From the Source: Seth Lytton


I was thinking about going back to school for computer science, and my boss told me: ‘Just don’t go back for architecture. Don’t be an architect.’ The housing market was so awful and they thought it would be a long time before it recovered. I would have had to go for like a two-year master’s and then do three years of internship, then take 10 exams in order to actually become an architect. And then you start out making like 50 or 60 thousand a year. So the cost-benefit didn’t really pay off.

I was really interested in technology. I would spend all my lunch hours reading about tech stuff. I mean, I grew up with computers and it was just always something I was interested in. But I took a computer science class in high school and was awful at it. So when I got to college, I thought ‘Well, maybe I’m just not smart enough to do it.’ So I just went down the architecture road, but after working in architecture and realizing there was still a large interest.

I went back to CU for two years. A year at Front Range to do pre-reqs, and then a year in CU to do more pre-reqs for a master’s. Then I had an internship at Tendril, which is like a green software engineering company in town. And then I left for two years and went on the road and traveled around in a van, which was awesome.


We started our trip in Boulder, and then we went to Idaho, then the Vancouver area, like Vancouver Island, and then Kentucky, Chattanooga, Vegas, then back here for a little while, and then Vegas again and back here, and then Vegas and then Florida. We were all over the place.

We wanted to see the country, and go climbing.

The first time I ever went climbing was probably when I was like eight, but I didn’t actually start rock climbing until I was 16 in high school. My school had a rock climbing wall, and it was an easy non-ball sport to get your credit. It turned out I was pretty good at it, so I just kept going.

While I was trying to learn coding on my own, I had a friend who went to Galvanize. She said it was pretty good and got a job right out of school. Literally like the first week out of school, making more money than I ever thought I would ever make. So I thought, ‘Huh. Maybe I should just dedicate six months and go for it.’ I did a lot of research and interviewed at a couple places. I was accepted at the Turing School and here.

The deciding factor was all the industry connections, and also it was here in Boulder and my wife and I wanted to be here.

I have a job lined up, I think. So I haven’t decided on a capstone project. I signed a contract so I don’t necessarily have to do one, so I’m trying to just pick something that’s not necessarily very flashy but will teach me the things I need to know for the job.

It’s at Salesforce. I think my official title will be associate software engineer, which is just the entry level role for a new software engineer. I’ll be working on the team that deals with all of their internal developer tools.

The job will be more Java-based, and Java isn’t a huge focus of the Immersive program. But on some level, programming is just programming. You take a problem, break it into pieces, try to write a structure for organizing those pieces, and then you write code to do that stuff. So while the syntax is different and even the way that it’s structured, like the language structure and the data is different, I think the concepts are pretty similar. And the syntax isn’t really that much different anyway, so I feel like I have the tools I need to just jump in.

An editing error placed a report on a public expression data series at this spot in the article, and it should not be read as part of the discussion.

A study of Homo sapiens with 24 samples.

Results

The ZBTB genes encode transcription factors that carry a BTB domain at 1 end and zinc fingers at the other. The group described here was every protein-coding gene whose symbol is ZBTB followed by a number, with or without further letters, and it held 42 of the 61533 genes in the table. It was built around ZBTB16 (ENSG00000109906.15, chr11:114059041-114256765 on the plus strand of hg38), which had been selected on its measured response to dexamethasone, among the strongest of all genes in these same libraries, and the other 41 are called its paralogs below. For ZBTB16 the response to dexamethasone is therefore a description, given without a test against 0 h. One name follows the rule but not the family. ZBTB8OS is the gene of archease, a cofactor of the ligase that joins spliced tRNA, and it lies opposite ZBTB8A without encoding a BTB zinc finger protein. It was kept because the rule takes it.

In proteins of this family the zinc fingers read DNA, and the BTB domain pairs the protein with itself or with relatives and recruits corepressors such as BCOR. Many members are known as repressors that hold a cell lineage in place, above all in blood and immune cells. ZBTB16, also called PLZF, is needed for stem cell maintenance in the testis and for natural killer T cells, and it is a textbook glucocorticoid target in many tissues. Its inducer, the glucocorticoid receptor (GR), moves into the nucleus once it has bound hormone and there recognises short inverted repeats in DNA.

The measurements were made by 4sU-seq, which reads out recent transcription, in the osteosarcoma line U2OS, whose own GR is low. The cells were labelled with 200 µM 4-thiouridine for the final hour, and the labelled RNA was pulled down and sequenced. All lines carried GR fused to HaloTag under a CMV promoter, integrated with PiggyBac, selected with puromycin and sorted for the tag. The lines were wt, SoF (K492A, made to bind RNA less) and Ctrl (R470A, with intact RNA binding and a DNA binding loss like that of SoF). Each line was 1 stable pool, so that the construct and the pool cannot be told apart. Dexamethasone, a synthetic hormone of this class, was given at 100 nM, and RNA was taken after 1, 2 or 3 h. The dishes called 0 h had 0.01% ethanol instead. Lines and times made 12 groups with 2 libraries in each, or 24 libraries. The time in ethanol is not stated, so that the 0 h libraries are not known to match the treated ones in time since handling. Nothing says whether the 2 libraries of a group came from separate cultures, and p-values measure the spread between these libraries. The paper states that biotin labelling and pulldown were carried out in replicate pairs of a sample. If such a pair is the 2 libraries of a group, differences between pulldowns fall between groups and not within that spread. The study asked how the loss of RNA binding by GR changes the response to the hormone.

I’ve been working almost only in Java for the last week and a half. It makes me feel stupid, but I think that’s a good thing. I think feeling challenged is kind of the whole point. If you’re not challenged, you’re not learning. It’s cool to see the similarities and frustrating to not fully understand the differences at times, but the more I do it, the more it makes sense.

I think that on some level both coding and climbing require a lot of suffering. They’re both really hard, and you have to put in a lot of work to be good at them. You can’t just like, do it on the weekends and get to be decent. It’s training, and they both require a lot of problem solving.

It’s funny because when you climb a boulder it’s called a problem. Like a particular way to get from the bottom to the top, and it feels like solving a problem. You know, you’ll walk up to it and it doesn’t seem like it’s possible, and then you spend three hours just falling off and falling off and falling off. And then by the end, maybe you’re not doing it, but you have a much better understanding of how you would do it, because you’ve done pieces of it and you start to put them together.

It’s the same with coding. Breaking something big into something smaller and taking pride in the little achievements along the way. Because otherwise, you’re totally demoralized. Sometimes the reality with climbing is you’re trying something that’s very hard, and you’re probably not going to succeed. My wife has been trying this one sport climbing route for three years now, and she hasn’t succeeded. But she takes heart in getting a little bit further each time. It’s similar to programming, where you don’t always fully solve the problem, but at least this piece of it is better.

-Seth Lytton, Galvanize Web Development Immersive student in Boulder, Colorado. You can find him on LinkedIn.